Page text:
Dixit, Shalini. The Psychology of Teaching Critical History. 1st ed., Routledge India, 2021.
Shalini Dixit’s The Psychology of Teaching Critical History is a brilliant dive into the realm of historical understanding. It explores the fundamentals of how history is perceived, how it is taught and learned, and the roles it plays in everyday life. It argues that the teaching of critical history can help people comprehend the uses of history in the present, as well as comprehend the field of history in general.
It is only about 100 pages and I recommend anyone interested in the field of history reads it at least once.
Chapter 1 briefly discusses the psychology and sociology of historical understanding. Page 6 has a bit about some controversial school textbooks about history that I want to look into more. The impact of politics on historical education is discussed here too.
“If there is to be any possibility of changing ‘the way things have always been done’ there must be reasoned appraisal of how and why they came to be done in this way.”
Arthur John Brereton Marwick as cited by Dixit[p.6]
I think she does a good job highlighting the role of history in shaping people’s identities and social interactions.
“History is to the nation as memory is to the individual.”
Schlesinger (1992) as cited by Dixit[p.9]
She concludes with a summary of the chapter and the layout for the rest of the book. The first chapter had a lot of good information about history’s relation to national identity.
Chapter 2 discusses history in school settings and as a discipline. She discusses modes of communicating history, then methods of investigating history.
Page 16 has a section discussing the importance of the first “eye of history”, chronology. The following page has a section titled “History as a study of social dynamics” which reminded me of Snooks’ Laws of History (not mentioned by Dixit). She does mention the search for historical laws in the next section though before moving onto the next “eye of history”, geography.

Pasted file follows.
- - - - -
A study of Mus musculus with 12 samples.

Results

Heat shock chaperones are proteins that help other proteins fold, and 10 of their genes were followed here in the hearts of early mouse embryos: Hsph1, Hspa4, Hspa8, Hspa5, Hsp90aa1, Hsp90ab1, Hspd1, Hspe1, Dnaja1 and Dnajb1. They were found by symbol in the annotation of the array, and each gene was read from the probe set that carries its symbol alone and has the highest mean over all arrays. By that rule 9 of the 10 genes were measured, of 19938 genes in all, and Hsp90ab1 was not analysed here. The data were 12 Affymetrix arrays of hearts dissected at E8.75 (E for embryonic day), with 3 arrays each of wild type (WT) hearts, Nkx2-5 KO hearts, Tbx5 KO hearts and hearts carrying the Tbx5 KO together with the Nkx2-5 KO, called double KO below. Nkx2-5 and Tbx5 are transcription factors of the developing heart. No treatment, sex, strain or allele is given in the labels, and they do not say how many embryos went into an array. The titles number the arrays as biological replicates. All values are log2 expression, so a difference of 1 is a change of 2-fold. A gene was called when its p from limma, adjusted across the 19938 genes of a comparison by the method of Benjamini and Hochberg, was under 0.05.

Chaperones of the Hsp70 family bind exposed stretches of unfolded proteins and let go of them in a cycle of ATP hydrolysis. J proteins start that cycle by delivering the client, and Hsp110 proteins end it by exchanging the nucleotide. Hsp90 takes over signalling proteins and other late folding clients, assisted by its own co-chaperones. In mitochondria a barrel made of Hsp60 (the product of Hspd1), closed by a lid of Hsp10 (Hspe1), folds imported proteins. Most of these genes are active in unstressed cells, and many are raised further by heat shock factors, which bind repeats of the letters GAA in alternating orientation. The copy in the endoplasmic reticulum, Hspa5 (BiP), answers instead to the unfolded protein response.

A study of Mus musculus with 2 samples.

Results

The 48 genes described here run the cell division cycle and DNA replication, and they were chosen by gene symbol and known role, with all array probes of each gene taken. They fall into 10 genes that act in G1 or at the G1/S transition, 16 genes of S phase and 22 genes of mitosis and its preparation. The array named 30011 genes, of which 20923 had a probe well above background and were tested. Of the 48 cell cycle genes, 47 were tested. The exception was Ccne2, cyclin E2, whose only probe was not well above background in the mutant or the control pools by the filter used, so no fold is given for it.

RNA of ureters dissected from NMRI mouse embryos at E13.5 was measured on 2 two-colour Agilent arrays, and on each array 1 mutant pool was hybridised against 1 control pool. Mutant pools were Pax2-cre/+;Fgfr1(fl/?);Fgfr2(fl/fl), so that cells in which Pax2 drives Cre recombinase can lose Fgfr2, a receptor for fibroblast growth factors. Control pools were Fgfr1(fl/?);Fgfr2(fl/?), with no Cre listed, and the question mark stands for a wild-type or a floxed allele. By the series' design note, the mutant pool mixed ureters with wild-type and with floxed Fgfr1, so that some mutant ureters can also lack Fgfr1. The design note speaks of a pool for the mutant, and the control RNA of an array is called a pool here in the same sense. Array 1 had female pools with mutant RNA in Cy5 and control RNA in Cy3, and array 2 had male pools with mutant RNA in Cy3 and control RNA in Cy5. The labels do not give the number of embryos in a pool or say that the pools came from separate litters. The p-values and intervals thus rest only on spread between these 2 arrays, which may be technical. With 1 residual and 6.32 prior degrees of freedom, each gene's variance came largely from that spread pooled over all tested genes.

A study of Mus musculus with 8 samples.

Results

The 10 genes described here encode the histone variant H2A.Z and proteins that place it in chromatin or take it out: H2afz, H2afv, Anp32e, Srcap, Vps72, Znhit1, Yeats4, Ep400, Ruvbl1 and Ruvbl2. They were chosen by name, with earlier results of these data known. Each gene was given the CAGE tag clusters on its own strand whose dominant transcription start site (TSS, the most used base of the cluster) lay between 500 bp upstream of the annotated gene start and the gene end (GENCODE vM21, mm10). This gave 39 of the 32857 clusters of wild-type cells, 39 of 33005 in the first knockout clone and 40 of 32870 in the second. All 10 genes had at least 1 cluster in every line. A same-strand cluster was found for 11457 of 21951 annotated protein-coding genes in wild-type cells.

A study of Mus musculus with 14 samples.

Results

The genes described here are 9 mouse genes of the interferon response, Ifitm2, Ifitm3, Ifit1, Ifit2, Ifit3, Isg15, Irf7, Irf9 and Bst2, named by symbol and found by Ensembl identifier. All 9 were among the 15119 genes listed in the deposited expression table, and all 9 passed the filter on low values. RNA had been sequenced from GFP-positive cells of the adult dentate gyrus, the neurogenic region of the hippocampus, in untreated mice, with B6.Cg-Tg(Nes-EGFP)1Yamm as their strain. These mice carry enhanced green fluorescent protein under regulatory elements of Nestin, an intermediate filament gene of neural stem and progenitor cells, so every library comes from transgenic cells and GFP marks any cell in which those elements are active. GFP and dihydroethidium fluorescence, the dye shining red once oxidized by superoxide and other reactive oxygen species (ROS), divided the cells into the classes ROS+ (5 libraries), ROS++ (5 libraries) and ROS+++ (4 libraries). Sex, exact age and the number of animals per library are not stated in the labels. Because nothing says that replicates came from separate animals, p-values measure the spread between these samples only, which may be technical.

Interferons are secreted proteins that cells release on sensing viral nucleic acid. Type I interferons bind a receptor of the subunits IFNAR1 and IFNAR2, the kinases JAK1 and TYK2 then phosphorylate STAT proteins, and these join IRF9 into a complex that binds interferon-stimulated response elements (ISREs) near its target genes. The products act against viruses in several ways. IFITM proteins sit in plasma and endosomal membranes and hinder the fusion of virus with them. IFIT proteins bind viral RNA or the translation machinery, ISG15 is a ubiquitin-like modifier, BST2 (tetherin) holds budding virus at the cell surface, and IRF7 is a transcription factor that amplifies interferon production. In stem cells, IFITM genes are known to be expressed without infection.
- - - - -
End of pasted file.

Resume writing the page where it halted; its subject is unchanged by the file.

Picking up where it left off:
Pages 19 and 20 gender historians with she/her pronouns. This is inappropriate.
A note about the importance of studying historians to understand their work is included on page 21.
Pages 23-27 contain a brilliant depiction of the dimensions and subdimensions of historical understanding.
“To sum up, understanding history is an ability to receive, comprehend, analyse, and apply historical information by using various cognitive abilities.”
The book is heavily geared towards how to apply this information to elementary age children, but I think it can be applied to older individuals as well.
Chapter 3 discusses some scholarship and studies related to the development of historical understanding. She mentions the number of studies in this area is limited.
The summaries are well-written. It reads almost like an informal annotated bibliography.
I find the study she conducted fascinating. Schoolchildren ages 9-14 had their historical understanding tested in each category laid out in Chapter 2.
Chapter 4 goes on to discuss the impact of community on historical understanding. The previous chapter shared a new study conducted on children. This chapter shares a study conducted on adults to gage their historical understanding and how their ideas differ across educational investment.
Chapter 5 discusses some cases of rewriting history in Indian textbooks. It also discusses the shape of the education system in India, as well as the effects of excluding the historical narratives of marginalized communities from the “official history”.
Chapter 6 focuses on how history is learned and taught.
I think page 81 has a typo in the section header. I think “Leaning” is suppose to be “Learning”.
A clear definition of what critical history is is presented on page 81. According to Dixit, Hegel defined “critical history” as the History of history. Then she says,
“Critical history looks into the sources, processes of construction, and social and temporal contexts of historical narratives. It leads the reader not just to reinvestigate the interpretations of past phenomena, but also to question and analyse matters of current times, which inform our understanding of the past.”[p.81]
Critical history helps people think and understand the uses of history for present moments, past and future.
Wineburg (1991a) sounds like a report I want to read. It covers differences between what students and historians desire in historical education. Students tended to want the facts, historians tended to want the methods/skills.